Disturbed Blanche DuBois moves in with her sister in New Orleans and is tormented by her brutish brother-in-law while her reality crumbles around her.

Director:

Elia Kazan

Writers:

Tennessee Williams (screen play), Oscar Saul (adaptation) | 1 more credit »
2,683 ( 208)
Won 4 Oscars. Another 13 wins & 15 nominations. See more awards »


Complete credited cast:
Vivien Leigh ... Blanche DuBois
Marlon Brando ... Stanley Kowalski
Kim Hunter ... Stella Kowalski
Karl Malden ... Harold 'Mitch' Mitchell
Rudy Bond ... Steve Hull
Nick Dennis ... Pablo Gonzalez
Peg Hillias Peg Hillias ... Eunice Hull
Wright King ... Newspaper Collector
Richard Garrick ... The Doctor
Ann Dere Ann Dere ... The Matron
Edna Thomas Edna Thomas ... The Mexican Woman
Mickey Kuhn ... The Helpful Sailor

Blanche DuBois, a high school English teacher with an aristocratic background from Auriol, Mississippi, decides to move to live with her sister and brother-in-law, Stella and Stanley Kowalski, in New Orleans after creditors take over the family property, Belle Reve. Blanche has also decided to take a break from teaching as she states the situation has frayed her nerves. Knowing nothing about Stanley or the Kowalskis' lives, Blanche is shocked to find that they live in a cramped and run down ground floor apartment - which she proceeds to beautify by putting shades over the open light bulbs to soften the lighting - and that Stanley is not the gentleman that she is used to in men. As such, Blanche and Stanley have an antagonistic relationship from the start. Blanche finds that Stanley's hyper-masculinity, which often displays itself in physical outbursts, is common, coarse and vulgar, being common which in turn is what attracted Stella to him. Beyond finding Blanche's delicate ... Written by Huggo

Plot Summary | Plot Synopsis

Taglines:

THE PULITZER PRIZE PLAY of New Orleans' Latin Quarter...of a Lonely Girl...of Emotions Gone Savage! See more »

Genres:

Drama

Motion Picture Rating (MPAA)

Rated PG for thematic elements | See all certifications »

Parents Guide:

View content advisory »

Country:

USA

Language:

English | Spanish

Release Date:

1 December 1951 (West Germany) See more »

Also Known As:

A Streetcar Named Desire See more »


Budget:

$1,800,000 (estimated)

Cumulative Worldwide Gross:

$49,523
See more on IMDbPro »

Company Credits

Show more on IMDbPro »

Technical Specs

Runtime:

| (re-release)

Sound Mix:

Mono (RCA Sound System)

Aspect Ratio:

1.37 : 1
See full technical specs »

Trivia

Kim Hunter's Oscar winning performance in this film is her only Academy Award nomination. See more »

Goofs

When Stanley and his friend bring Blanche's trunk into the apartment, Stella hides behind a curtain because she is not yet dressed and wearing her slip. Yet as soon as Blanche asks her to retrieve her "blue net," she loses her modesty and walks freely in front of the same guy she had just hidden herself from. See more »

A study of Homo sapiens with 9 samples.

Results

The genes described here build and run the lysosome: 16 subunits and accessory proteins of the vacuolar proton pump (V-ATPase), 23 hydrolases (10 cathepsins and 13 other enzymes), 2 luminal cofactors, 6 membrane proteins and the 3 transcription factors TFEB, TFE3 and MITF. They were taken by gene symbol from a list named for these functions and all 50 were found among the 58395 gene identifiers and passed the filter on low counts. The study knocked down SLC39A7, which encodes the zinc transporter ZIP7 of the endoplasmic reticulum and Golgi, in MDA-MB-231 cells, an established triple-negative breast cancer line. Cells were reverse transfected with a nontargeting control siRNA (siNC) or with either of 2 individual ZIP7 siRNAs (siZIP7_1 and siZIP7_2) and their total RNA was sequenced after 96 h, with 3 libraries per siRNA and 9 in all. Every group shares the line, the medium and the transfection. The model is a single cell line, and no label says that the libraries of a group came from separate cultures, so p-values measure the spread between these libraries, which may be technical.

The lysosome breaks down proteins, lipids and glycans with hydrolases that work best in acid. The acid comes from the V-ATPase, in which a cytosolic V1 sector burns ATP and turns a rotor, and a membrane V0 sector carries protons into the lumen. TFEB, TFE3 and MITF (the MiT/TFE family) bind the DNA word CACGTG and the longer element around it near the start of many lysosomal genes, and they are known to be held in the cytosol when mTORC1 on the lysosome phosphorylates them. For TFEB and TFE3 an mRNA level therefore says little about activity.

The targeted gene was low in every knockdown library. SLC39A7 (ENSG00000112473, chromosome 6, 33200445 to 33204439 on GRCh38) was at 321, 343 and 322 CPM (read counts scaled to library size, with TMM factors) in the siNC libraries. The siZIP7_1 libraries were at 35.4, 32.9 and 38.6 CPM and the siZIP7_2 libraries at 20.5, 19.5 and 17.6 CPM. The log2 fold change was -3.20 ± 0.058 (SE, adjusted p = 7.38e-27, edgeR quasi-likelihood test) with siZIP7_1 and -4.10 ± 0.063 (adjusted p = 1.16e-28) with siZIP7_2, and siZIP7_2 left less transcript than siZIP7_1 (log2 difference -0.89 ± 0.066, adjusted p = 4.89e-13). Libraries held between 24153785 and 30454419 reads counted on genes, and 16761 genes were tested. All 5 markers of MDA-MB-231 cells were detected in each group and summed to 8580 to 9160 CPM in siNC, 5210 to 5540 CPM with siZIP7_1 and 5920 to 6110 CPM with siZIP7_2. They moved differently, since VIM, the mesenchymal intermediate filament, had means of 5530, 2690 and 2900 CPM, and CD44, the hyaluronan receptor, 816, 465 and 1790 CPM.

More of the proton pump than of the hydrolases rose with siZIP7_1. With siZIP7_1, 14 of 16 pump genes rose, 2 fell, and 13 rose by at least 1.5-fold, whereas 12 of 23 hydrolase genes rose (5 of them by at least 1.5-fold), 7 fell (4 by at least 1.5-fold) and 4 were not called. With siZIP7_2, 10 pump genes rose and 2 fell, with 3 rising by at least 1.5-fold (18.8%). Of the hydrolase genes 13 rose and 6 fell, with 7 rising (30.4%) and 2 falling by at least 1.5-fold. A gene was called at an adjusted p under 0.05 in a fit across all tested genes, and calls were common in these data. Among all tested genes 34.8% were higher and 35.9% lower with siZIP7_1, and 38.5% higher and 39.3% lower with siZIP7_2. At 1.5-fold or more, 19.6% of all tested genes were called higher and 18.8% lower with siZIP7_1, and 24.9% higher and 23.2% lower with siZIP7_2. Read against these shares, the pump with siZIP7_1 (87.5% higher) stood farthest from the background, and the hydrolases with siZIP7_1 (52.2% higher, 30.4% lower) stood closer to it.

Quotes

[first lines]
A Sailor: Can I help you, ma'am?
Blanche DuBois: Why, they told me to take a streetcar named Desire and then transfer to one called Cemetery and ride six blocks and get off at Elysian Fields.
See more »

Alternate Versions

The scene in which Blanche and Stanley first meet was edited a bit to take out some of the sexual tension that both had towards each other when the film was first released in 1951. In 1993, this footage was restored in the "Original Director's Version" of the film. The three minutes of newly-added footage sticks out from the rest of the film because Warner Brothers did not bother to restore these extra film elements along with the rest of the movie, leaving them very scratchy due to deterioration. See more »

Connections

Referenced in Where the Day Takes You (1992) See more »

Soundtracks

It's Only a Paper Moon
(1933) (uncredited)
Music by Harold Arlen
Lyrics by E.Y. Harburg and Billy Rose
Sung by Vivien Leigh while doing her hair
See more »

Frequently Asked Questions


 
Sexy, Brutal, and Endlessly Fascinating
12 July 2005 | by RathkoSee all my reviews

There is little to be said about this movie that thousands of critics have not stated already. It is a magnificent piece of cinema, with an intricate script delivered by actors at the peak of their talents. Leigh is unbearably brittle and fragile and she dances precariously on the edge of sanity. Marlon Brando embodies a sense of brooding masculinity that other men can only dream of attaining, while creating an enduring cinema icon and delivering one of the all-time great movie lines. From the raucous jazz score to the sleazy production design bathed in smoldering grey, 'Streetcar' is a class-act from beginning to end; sexy, brutal, and endlessly fascinating.